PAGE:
Renal and Electrolyte Disorders

Sites: BIDMC
Director(s): Katharyn Atkins, Robert Cohen
Prerequisites: HMS Principal Clinical Experience (Core Clinical Clerkships) or equivalent
Offered: Full time for one month.
Location: BIDMC - BI-Deaconess Medical Center (5)
Open to Exclerks: US/Canadian
Description: The course will provide the student an immersion into the specialty of nephrology by hands-on care of inpatients with kidney disease, kidney and pancreas transplants, and electrolyte and acid-base disorders referred for consultation and management. In addition, the student will attend a half-day each week of general nephrology or transplant clinic to gain exposure to ambulatory patients with kidney disease, electrolyte disorders and urinalysis abnormalities. The student will evaluate such inpatients and outpatients, participate, together with a renal fellow, in their diagnosis and management, and present their patients on daily attending rounds and at clinical conferences. In addition to a weekly formal clinical conference, the student will attend a weekly journal club/research conference, a literature based seminar with Dr. Bud Rose, core curriculum conferences emphasizing renal pathology, radiology, dialysis and transplantation, and monthly special conferences which include a Dartmouth Teleconference, GU/Nephrology conference, and internationally known invited lecturers at Renal Grand Rounds. There is no night or weekend call on this elective.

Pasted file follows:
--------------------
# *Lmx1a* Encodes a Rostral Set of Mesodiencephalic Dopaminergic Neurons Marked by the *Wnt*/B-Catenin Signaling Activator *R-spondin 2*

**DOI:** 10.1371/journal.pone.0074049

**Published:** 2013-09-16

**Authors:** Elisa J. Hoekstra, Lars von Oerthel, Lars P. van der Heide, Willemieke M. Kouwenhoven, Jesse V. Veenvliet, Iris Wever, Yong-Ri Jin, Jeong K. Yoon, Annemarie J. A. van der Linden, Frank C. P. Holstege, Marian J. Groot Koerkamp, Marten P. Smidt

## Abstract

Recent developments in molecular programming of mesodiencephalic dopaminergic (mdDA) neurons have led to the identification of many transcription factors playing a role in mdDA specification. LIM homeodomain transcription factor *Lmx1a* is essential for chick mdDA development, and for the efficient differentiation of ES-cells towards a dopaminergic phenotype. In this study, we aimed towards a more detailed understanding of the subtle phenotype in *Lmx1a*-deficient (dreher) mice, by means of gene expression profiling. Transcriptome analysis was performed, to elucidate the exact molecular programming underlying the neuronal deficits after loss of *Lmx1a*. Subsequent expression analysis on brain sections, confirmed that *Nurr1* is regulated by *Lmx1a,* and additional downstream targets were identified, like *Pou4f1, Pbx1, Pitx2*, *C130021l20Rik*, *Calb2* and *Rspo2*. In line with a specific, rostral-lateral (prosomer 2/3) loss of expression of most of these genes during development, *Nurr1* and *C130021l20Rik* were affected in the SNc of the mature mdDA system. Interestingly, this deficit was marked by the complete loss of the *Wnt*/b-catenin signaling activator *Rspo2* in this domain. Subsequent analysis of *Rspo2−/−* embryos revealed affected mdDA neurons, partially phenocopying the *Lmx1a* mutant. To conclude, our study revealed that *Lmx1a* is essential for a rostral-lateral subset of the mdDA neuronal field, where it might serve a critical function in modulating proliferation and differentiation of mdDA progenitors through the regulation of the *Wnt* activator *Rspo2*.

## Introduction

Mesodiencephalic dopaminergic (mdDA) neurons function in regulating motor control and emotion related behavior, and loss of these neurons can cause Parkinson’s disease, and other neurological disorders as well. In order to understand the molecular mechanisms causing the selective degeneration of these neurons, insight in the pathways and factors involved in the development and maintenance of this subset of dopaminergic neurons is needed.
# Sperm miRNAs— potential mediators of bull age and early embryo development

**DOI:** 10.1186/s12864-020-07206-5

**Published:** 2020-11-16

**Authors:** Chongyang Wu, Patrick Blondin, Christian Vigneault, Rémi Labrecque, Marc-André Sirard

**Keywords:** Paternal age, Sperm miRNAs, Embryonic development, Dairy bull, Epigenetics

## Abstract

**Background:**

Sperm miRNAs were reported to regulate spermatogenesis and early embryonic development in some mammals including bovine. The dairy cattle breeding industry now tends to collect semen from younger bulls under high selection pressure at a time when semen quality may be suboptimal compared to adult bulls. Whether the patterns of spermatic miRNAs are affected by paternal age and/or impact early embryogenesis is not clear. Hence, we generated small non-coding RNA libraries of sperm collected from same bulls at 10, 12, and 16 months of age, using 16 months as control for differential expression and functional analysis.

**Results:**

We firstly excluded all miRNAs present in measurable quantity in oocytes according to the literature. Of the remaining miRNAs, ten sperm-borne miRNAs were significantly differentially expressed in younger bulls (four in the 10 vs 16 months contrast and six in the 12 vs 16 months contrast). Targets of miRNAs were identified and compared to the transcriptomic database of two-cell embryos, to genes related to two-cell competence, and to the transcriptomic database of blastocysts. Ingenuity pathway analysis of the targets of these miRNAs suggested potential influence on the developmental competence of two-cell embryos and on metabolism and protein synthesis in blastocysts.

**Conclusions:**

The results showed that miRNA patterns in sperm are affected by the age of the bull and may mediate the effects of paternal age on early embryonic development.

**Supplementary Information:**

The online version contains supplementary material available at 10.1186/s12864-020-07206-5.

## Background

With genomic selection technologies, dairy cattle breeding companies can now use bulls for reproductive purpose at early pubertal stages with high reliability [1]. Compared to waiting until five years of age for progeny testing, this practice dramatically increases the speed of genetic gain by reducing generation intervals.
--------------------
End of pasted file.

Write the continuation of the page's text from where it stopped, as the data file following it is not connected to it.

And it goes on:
Incorporation of Basic Science Content and Evidence-Based Medicine:
Basic and clinical science are reviewed at our weekly journal club/research conference, transplant conference, and core curriculum lectures. Dr. Rose's conference emphasizes the basis for our thinking in nephrology at his weekly topic-oriented literature seminar. Nephrology is one of the more quantitative, evidence-based subspecialties so we think we teach evidence-based medicine on our daily attending rounds.
Grade Criteria:
Honors with Distinction: Honors with Distinction are given to students with exceptional performances in effort, knowledge, clinical acumen, communication and professional skills, about 10-15%. Honors: Honors are given to students who have done very good work, above the satisfactory passing level in the above skills, about 50-60%. Satisfactory: Satisfactory grades are given to students with an average, passable performance in the above skills, about 25-40%. Unsatisfactory: Unsatisfactory grades are given to students that fail to perform the required course tasks appropriately. This has not occurred in recent years.